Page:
The Phelipeau family can find its origins within the landscape of Medieval France, particularly in that coastal region once known as Normandy
. Their name is derived from the ancient Greek name Phillippos, which is composed of the elements philos, meaning love, and hippos, meaning horse, and indicated a person who loved horses.
Early Origins of the Phelipeau family
The surname Phelipeau was first found in Normandy
(French: Normandie), the former Duchy of Normandy
, where they held a family seat
as an aristocratic family at Marigny. Conjecturally, this family may be descended from Phillip, the Count of Namur, but there have been many Kings of this name including Philip I, King of France, King Philip Augustus, Philip the Bold, Philip of Valois, or Philip of France, Duke of Burgundy, and many saints, bishops, Dukes, and other nobility and place names.
Early History of the Phelipeau family
This web page shows only a small excerpt of our Phelipeau research.Another 225 words (16 lines of text) covering the years 1671, 1584, 1291 and 1361 are included under the topic Early Phelipeau History in all our PDF Extended History products and printed products wherever possible.
Phelipeau Spelling Variations
Changes of spelling have occurred in most surnames. The earliest explanation is that during the early development of the French language, names were not yet fixed in spelling. Usually a person gave his version of his name, phonetically, to a scribe, a priest, or a recorder. This depended on accent, and local
accents frequently changed the spelling of a name. Some variables were adopted by different branches of the family name. Hence, there are some spelling variations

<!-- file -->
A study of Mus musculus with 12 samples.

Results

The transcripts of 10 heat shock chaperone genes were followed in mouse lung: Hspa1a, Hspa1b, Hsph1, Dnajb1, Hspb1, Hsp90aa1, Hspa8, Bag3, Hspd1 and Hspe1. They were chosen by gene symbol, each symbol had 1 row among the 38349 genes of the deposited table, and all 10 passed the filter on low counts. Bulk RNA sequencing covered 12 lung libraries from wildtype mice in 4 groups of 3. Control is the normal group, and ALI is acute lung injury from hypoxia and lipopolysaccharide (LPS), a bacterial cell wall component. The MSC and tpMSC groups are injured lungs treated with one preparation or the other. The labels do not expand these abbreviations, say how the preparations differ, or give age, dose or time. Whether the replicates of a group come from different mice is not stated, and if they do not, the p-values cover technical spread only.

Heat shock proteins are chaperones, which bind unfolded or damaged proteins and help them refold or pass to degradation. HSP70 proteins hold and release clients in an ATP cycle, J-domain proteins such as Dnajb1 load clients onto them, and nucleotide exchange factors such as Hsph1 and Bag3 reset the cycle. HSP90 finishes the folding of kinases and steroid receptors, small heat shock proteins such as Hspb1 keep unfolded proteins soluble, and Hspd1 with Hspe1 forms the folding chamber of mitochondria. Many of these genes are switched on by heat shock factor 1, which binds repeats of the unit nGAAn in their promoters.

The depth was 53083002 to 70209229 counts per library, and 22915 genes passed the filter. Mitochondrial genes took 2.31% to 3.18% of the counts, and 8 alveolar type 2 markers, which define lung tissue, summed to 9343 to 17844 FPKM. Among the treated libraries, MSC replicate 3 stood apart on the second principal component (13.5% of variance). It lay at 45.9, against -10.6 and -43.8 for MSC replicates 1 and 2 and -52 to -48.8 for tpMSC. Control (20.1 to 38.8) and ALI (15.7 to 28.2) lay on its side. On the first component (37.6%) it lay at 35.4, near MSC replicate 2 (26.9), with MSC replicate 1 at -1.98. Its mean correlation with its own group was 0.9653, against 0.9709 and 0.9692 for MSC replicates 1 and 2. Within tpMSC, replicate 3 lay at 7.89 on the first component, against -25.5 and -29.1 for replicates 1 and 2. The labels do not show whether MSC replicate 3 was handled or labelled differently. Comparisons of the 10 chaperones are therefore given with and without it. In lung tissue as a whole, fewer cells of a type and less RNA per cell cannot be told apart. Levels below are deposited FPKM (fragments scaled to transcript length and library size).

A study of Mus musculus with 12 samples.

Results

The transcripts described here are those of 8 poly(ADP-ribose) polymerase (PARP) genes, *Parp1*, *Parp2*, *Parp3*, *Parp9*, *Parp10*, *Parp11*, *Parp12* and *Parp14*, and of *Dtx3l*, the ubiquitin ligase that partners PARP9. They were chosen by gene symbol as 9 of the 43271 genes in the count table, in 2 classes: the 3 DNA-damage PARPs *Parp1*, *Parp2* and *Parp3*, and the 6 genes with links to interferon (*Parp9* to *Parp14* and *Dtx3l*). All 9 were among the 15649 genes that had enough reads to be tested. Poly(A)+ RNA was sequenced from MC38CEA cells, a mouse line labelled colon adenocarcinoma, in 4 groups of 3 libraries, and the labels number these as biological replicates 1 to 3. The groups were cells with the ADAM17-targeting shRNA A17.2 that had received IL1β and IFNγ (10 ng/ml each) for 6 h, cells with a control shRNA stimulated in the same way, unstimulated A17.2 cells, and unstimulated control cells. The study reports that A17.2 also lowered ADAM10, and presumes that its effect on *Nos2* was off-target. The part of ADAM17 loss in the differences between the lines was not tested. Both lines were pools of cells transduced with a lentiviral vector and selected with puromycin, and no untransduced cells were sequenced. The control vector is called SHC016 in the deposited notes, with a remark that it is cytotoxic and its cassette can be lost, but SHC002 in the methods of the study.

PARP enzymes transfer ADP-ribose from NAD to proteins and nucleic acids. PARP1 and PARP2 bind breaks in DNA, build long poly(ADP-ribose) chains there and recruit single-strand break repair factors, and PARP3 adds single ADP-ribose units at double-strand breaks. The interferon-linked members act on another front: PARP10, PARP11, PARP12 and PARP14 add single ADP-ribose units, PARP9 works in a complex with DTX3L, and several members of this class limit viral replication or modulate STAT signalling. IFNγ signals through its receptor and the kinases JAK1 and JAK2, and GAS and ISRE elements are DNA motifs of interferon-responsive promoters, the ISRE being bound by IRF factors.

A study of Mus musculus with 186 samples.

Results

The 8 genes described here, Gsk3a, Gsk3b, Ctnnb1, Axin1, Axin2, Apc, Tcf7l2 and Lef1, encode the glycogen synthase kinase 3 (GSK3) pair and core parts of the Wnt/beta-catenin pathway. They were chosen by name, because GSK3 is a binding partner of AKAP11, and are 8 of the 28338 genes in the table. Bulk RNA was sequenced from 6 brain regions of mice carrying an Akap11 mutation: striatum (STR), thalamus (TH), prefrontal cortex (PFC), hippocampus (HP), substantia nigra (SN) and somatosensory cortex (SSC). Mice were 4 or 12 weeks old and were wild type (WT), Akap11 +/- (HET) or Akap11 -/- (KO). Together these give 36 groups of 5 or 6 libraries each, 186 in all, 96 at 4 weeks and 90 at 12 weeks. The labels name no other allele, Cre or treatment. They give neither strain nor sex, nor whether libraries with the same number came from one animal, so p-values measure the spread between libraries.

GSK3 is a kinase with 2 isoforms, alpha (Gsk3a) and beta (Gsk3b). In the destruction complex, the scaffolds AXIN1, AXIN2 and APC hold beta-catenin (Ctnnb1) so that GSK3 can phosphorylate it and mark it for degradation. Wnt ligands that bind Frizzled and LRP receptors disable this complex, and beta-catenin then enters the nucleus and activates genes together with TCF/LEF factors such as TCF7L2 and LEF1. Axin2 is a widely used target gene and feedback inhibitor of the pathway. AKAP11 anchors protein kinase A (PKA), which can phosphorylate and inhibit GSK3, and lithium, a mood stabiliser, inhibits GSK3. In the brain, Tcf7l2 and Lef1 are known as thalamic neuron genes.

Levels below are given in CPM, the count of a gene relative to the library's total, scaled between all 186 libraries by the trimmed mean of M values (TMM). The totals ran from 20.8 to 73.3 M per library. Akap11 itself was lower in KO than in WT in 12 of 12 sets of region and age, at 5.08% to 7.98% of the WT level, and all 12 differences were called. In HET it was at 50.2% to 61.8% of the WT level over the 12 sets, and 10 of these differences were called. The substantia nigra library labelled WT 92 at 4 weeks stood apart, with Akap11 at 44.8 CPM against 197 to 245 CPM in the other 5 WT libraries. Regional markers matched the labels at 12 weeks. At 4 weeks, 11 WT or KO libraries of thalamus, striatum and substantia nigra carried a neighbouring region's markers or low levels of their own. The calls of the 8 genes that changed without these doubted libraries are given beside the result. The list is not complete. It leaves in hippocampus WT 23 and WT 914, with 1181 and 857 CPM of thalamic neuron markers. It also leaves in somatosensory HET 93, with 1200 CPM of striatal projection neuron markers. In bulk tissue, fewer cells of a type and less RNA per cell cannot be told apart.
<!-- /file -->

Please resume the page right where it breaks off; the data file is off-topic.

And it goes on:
of the name Phelipeau, including Philippe, Phillippe, Phillippes, Philippes, Philipp, Phillipp, Phelipe, Phelippe, Phellippe, Phellippes, Philipe, Phillipes, Philip, Phillip and many more.
Early Notables of the Phelipeau family (pre 1700)
Another 21 words (2 lines of text) are included under the topic Early Phelipeau Notables in all our PDF Extended History products and printed products wherever possible.
Migration of the Phelipeau family to the New World and Oceana
In the 1700s, land incentives were finally given out by France to 2,000 migrants. Early marriage was encouraged in New France, and youths of 18 took fourteen-year-old girls for their wives. The fur trade was developed and attracted migrants, both noble and commoner from France. 15,000 explorers left Montreal in the late 17th and 18th centuries, leaving French names scattered across the continent. The search for the Northwest passage continued. Migration from France to New France or Quebec, as it was now more popularly called, continued until 1759. By 1675, there were 7000 French in Quebec. By the same year the Acadian presence in Nova Scotia, New Brunswick and Prince Edward Island had reached 500. In the treaty of Utrecht, Acadia were ceded by France to Britain in 1713. In 1755, 10,000 French Acadians refused to take an oath of allegiance to England
and were deported. They found refuge in Louisiana. Meanwhile, in Quebec, the French race flourished, founding in Lower Canada, one of the two great solitudes which became Canada. Many of this distinguished family name Phelipeau were prominent in social, cultural, religious and political affairs in France and New France. Amongst the settlers in North America with this distinguished name Phelipeau were Francisco Phelipe, with his wife Maria and three sons settled in New Orleans La. in 1779; Claude Philipe and his wife settled in Virginia in 1700; Mr. Phillip settled in Virginia in 1623.